At this point Hamlet is not in a very healthy or happy state of mind, but just to add to his confusion, the ghost of his father appears. The ghost tells Hamlet that he did not die of snake poisoning, but rather of the poisoning of Claudius. Upon hearing news of your father’s murder, the natural instinct would be to want brutal revenge. Hamlet, however, in spite of his rage and anger, knows that a fast and furious killing of Claudius would do no good. He first had to have a plan devised to prove that this ghost was real and spoke the truth.
This delay in action shows Hamlet’s strength in a controlled mind, and his ability to think rationally in an intense situation. If Hamlet listens to the ghost, and it turns out to be a demon telling a lie, or a figment of his imagination, he will have committed a sin and gone to purgatory for no reason at all. Hamlet’s main plan to trap the king comes when a group of players come to town. He asks them if they would enact a play titled “The Mouse Trap,” which, bottom-line, is a re-enactment of the murder of Hamlet’s father. Hamlet watches the King very closely for any signs of guilt or nervousness through the play.
When the King finally catches on to what’s going on, Hamlet gets a little more than just a hint of the King’s guilt. Claudius actually stands up and throws a fit for fresh air. Now Hamlet has the King caught, so Hamlet should be revenging his father’s murder at the first chance he gets, but are there still morals about killing and other lingering circumstances that will keep Hamlet from acting on his discovery? Hamlet gets his chance to stab Claudius in the back when he walks by the alter, and Claudius is openly crying to God and praying for forgiveness of his sins. The scene is set perfect for the once-and-for-all killing of the murderer, King Claudius.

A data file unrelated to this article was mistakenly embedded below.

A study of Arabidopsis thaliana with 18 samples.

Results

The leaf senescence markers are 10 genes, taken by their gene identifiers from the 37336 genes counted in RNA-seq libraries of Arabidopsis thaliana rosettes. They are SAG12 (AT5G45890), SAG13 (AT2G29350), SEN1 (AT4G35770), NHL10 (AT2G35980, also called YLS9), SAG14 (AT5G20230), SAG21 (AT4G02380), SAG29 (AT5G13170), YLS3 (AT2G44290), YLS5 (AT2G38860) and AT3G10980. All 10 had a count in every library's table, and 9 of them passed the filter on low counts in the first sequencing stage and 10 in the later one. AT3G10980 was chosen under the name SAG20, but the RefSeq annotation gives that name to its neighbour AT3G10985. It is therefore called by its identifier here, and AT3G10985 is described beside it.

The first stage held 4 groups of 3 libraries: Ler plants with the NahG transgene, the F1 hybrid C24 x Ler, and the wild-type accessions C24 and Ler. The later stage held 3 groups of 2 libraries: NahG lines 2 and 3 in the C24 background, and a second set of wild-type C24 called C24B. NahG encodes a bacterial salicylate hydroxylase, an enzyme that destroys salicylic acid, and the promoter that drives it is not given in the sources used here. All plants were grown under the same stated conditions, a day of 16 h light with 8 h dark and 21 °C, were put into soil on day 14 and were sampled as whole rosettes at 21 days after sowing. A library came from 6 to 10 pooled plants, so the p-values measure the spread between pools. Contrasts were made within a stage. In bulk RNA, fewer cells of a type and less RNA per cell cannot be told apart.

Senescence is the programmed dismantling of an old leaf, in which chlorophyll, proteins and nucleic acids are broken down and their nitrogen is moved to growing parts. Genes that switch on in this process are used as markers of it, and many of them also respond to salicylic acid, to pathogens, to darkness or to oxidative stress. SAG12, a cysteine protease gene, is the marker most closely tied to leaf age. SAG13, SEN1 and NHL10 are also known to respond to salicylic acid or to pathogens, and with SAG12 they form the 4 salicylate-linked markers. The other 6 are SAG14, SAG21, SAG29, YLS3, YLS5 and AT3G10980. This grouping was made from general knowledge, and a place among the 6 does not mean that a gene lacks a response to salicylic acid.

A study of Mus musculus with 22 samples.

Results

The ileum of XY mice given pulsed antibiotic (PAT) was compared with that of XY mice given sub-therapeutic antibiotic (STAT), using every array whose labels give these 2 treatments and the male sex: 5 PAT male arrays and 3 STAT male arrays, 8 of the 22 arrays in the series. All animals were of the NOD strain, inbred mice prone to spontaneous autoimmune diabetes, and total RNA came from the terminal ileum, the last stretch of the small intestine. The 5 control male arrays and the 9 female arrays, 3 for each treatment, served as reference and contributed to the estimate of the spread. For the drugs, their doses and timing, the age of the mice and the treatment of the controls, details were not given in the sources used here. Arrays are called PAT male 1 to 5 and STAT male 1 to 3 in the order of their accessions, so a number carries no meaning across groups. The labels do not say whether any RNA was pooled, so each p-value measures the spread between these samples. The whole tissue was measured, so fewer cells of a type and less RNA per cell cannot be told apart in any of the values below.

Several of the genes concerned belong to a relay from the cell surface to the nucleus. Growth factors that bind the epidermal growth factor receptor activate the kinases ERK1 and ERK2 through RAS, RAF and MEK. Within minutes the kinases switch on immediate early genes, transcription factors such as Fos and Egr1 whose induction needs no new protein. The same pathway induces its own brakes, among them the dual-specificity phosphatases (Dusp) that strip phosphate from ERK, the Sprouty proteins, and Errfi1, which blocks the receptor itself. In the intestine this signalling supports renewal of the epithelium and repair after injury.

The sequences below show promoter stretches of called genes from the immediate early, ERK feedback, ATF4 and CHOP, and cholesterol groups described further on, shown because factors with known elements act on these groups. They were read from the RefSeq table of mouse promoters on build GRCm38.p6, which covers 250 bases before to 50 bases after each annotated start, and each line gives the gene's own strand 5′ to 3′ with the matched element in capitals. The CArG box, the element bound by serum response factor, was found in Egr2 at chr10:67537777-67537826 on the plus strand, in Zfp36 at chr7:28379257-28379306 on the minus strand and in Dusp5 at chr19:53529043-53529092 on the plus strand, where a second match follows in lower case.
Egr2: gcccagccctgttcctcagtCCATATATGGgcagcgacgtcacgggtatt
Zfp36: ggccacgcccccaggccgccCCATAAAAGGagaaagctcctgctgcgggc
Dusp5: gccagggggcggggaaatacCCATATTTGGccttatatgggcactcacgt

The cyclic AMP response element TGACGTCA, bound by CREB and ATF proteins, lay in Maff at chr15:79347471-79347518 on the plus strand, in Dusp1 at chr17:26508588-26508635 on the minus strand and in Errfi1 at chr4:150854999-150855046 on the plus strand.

Something still stands in the way though. As Hamlet gives a soliloquy while standing behind Claudius, we gather that the reason he can’t kill him now is that he is in confession and would go to heaven if he died clean of sins. King Hamlet was killed in sin and sent to purgatory, so Hamlet wants the same for Claudius. The decision to wait for a better time to kill Claudius was rationally worked out in Hamlet’s head, but that reason may have just been hiding some other feelings and moral implications.
Killing another person is not an easy thing to do. There are so many things to think about when you take someone’s life away from them, that they may have gotten in the way, in Hamlet’s mind, of making the real right decision. So did Hamlet delay in acting once again because the time wasn’t right like the first time, or did he simply chicken out of killing another person? These are the kinds of questions that arise when trying to figure out Hamlet’s many sides. In this case, Hamlet had a good reason to not kill Claudius at that very moment, but it was really just a good excuse to not have to go through with driving the sword through Claudius just yet. We can tell from other instances in the story, such as being the last griever of his father’s death, that Hamlet can be a feeler, and the type of person that would have a hard time killing someone. This decision, although justified from all sides in Hamlet’s mind, would prove to be a mistake that cost him the life of several other loved ones and his own life as well.
Hamlet is finally driven to kill Claudius in a fit of rage after a sword match in which he, Laertes, and the Queen are all poisoned. These are all lives that could have been saved if Hamlet would have acted on his plan sooner. Hamlet’s delay in acting was justified in both cases, but the second time there were some morals and some fear that kept him from seeing that that was the right time. Hamlet has so many sides, and his so complex that he has the ability to have the right frame of mind in any type of situation, but when those different sides of him cross, then danger lies ahead.